Thank you for inviting me to testify on what might be done to reduce poverty in America. As a Senior Fellow and Co-Director of the Center on Children and Families at Brookings, I have done extensive work on these issues; although I should note that the views I will express are my own and should not be attributed to other staff, trustees, or funders of the Brookings Institution. Let me first summarize my testimony.
First, I strongly believe that reducing poverty requires a focus both on what government needs to do and on what individuals need to do. We need a combination of responsible policies and responsible behavior.
Second, although there are many things that might be done to reduce poverty in the U.S., I want to argue for a focus on three priorities: getting a good education, not having children before you marry, and working full-time. Government should expect people to make real efforts to comply with each of these norms. When they do, then government should reward such behavior by making sure that those who play by the rules will not be poor. The analysis we have done at Brookings shows that individuals who play by these rules are much less likely to be poor than those who don’t.
Third, one of the most effective policies we could put in place to ensure that everyone gets a good education would be to provide very high-quality early education to all children from low-income families. Many people believe that education in the preschool years only affects young children. In fact, the evidence from both neuroscience and from carefully done program evaluations shows that preschool experiences have long-lasting effects and may be the most cost-effective way to insure that more children are successful in the K-12 years, graduate from high school, go on to college, and earn more as adults. The federal government could further this goal by providing matching funding to states that are willing to invest in high-quality early education for those living in low-income neighborhoods, starting in the first year of life.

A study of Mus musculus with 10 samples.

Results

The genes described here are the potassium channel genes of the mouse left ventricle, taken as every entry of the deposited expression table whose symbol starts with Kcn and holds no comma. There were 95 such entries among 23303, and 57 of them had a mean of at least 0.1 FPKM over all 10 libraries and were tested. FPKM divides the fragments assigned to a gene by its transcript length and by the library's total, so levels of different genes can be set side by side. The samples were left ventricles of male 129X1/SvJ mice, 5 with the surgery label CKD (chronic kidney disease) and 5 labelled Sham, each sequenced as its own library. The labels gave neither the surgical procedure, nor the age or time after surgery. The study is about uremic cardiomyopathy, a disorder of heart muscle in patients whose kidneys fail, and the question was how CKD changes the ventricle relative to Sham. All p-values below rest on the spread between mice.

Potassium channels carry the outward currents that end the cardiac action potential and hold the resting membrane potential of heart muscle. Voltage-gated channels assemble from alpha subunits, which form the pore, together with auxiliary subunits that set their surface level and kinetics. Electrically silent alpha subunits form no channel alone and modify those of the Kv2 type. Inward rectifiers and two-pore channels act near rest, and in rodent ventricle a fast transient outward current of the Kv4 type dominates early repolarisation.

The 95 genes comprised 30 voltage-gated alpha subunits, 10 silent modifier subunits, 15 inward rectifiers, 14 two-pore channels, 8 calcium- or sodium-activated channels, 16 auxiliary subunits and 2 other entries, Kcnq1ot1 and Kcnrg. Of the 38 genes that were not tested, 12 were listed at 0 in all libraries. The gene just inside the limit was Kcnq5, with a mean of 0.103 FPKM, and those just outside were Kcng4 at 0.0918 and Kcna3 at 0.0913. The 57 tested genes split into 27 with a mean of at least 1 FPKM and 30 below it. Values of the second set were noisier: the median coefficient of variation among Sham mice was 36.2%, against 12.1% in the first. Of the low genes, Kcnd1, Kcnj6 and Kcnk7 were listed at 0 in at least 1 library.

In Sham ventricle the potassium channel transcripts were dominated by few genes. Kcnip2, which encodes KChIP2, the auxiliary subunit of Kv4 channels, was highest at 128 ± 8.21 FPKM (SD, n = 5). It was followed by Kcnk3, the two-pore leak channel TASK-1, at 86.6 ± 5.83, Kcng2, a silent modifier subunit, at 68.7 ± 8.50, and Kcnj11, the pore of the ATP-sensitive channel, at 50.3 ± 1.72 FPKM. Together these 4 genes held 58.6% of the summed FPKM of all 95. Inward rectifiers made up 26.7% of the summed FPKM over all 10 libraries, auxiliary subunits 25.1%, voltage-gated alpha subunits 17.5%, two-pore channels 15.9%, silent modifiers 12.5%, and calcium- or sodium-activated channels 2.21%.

Fourth, too many of our teens and young adults are having children before they are married and before they are ready to be good parents. In my view, the solution to this problem resides as much in the larger culture-in what parents, the media, faith communities and key adults say and do-as it does in any shift in government policy per se. However, government can help by providing resources to those fighting this battle in the nongovernmental sector, by insuring that its own policies do not inadvertently encourage childbearing outside of marriage, and by supporting programs that have had some success in reducing early, out-of-wedlock childbearing.
Finally, encouraging and rewarding work is also very important. I support the idea of work requirements in welfare, and perhaps in other programs as well, but I fear that the kind of increased employment we’ve seen among welfare mothers will be a Pyrrhic victory if we don’t find ways to provide more assistance in the form of a higher minimum wage, a more generous EITC, and additional child care and health care assistance. In my testimony today-at the suggestion of your staff-I will focus especially on preschool education and on the need to decrease childbearing outside of marriage and increase the share of children growing up in two-parent, married families. But I have written elsewhere about the importance of providing additional work supports for low-income working families.